A view of the nickel electrolysis workshop at Kola Mining and Metallurgical Company (Kola MMC), a unit of Russia’s metals and mining company Nornickel, in the town of Monchegorsk in the Murmansk region on February 25, 2021. Photo: VCG
The ramifications of the West’s sanctions against Russia appear to be expanding, as shortages of nickel, a crucial raw material for making stainless steel and batteries for new-energy vehicles (NEVs), continue to worsen and could soon hurt downstream industries, Chinese industry analysts said on Tuesday.
On Monday, nickel futures prices reached a record high on the London Metal Exchange (LME), exceeding the $100,000-a-ton level for the first time ever. The LME on Tuesday announced that it had closed the nickel market following further unprecedented overnight increases in the 3-month nickel price.
Traders, brokers and clerks on the trading floor of the open outcry pit at the London Metal Exchange (LME) in London, UK, on February 28, 2022 Photo: VCG
Affected by the LME, the main nickel contract on the Shanghai Futures Exchange (SHFE) closed at the daily limit high of 228,810 yuan ($36,220.6) per ton on Tuesday.
Such unusual fluctuations are due to Western sanctions against Russia, including removing Russian banks from SWIFT, Wang Yanqing, an industry analyst with China Futures, told the Global Times on Tuesday.
“Russia’s entire nickel ore accounts for 11 percent of the global supply, and pure nickel accounts for 20 percent. The impact to the global supply chain is foreseeable,” Wang noted.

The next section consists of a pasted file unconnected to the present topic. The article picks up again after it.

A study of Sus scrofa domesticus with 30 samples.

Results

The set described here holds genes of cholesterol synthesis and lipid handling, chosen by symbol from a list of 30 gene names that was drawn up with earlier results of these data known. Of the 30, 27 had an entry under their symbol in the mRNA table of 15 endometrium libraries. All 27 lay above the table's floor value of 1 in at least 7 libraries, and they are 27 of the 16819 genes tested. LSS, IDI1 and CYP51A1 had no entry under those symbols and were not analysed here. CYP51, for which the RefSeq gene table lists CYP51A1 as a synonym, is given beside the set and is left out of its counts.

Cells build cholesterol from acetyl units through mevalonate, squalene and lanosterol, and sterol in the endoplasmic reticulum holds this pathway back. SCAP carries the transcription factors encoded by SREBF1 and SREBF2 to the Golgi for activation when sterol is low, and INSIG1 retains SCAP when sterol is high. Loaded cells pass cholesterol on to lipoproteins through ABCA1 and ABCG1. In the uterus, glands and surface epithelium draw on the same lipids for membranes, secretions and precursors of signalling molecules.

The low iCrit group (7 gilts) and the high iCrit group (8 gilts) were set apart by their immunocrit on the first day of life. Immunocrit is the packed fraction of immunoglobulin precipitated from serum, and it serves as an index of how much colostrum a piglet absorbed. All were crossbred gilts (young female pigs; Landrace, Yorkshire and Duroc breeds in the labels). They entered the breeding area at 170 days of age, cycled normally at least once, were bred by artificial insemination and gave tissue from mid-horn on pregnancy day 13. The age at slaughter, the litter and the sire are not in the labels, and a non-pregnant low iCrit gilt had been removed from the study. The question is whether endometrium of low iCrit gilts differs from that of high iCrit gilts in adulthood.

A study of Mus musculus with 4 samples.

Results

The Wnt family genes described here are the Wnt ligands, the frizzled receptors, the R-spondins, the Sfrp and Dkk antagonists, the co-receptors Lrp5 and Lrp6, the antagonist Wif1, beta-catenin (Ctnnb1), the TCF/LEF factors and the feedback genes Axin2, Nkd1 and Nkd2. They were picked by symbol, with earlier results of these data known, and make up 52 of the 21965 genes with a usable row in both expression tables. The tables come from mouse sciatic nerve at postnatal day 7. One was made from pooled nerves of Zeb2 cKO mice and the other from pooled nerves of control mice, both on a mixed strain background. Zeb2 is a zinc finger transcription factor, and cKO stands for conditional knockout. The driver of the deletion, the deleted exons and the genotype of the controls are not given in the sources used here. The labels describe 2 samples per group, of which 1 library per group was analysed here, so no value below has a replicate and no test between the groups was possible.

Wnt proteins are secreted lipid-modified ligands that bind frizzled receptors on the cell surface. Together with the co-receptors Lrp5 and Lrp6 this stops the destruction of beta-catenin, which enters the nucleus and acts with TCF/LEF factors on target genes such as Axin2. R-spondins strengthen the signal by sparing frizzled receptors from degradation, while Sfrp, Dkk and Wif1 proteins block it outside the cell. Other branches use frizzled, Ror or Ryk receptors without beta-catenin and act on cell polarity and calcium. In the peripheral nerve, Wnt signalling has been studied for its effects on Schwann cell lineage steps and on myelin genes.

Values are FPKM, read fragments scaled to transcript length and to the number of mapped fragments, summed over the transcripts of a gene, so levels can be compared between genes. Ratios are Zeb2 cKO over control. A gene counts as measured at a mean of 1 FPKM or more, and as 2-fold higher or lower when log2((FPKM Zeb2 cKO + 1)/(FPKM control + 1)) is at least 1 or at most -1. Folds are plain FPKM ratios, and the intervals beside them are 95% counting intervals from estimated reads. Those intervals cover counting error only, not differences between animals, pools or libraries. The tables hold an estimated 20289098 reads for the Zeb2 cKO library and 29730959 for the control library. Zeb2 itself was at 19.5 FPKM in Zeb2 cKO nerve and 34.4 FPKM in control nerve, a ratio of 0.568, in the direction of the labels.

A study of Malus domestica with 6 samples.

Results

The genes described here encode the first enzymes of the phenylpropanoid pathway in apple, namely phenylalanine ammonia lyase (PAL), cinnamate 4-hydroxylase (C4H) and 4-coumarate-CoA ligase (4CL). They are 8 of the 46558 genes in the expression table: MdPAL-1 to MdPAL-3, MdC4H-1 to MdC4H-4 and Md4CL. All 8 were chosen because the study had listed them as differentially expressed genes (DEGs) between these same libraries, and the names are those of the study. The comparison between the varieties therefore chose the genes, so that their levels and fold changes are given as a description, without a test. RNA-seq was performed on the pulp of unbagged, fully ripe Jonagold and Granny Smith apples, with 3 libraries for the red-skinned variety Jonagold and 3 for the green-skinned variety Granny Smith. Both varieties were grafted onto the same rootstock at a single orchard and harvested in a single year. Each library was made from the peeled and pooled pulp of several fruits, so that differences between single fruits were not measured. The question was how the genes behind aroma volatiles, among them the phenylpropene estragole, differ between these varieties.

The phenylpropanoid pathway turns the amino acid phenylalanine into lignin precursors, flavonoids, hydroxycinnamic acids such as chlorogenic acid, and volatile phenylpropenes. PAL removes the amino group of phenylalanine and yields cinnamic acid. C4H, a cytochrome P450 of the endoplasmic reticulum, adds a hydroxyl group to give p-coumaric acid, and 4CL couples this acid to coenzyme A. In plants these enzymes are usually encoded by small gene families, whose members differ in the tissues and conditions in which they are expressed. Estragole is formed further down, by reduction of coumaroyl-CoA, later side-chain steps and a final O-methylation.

In response to market fluctuations, the SHFE issued warnings three times from February 23 to Monday, telling participants to consider risks, invest rationally, and maintain the smooth operation of the market.
In the short term, the supply of pure nickel in Europe and the US will be tighter, Wang Cong, an analyst with the Shanghai Metals Market (SMM), an industry news portal, told the Global Times on Tuesday.
“Even though the domestic nickel market is not as tight as in the US and Europe, in the next one to two weeks, the supply will be tightened as domestic inventories are running short,” Wang Cong said, noting that although there are still profits for exporting nickel, traders have basically nothing left to deliver because of the short supply.
China’s nickel reserves are relatively small, accounting for only around 3 percent of the global reserves, mainly distributed in Northwest China’s Gansu Province, according to media reports. Due to its limited domestic resources, China imports nickel from countries such as the Philippines and Indonesia.
High prices and short supplies will eventually hurt downstream users worldwide, such as the NEV sector and some downstream plants have already planned to reduce production, according to industry insiders.
“There are discussions about using alternative currencies such as the yuan for nickel trade between China and Russia,” Wang Yanqing said.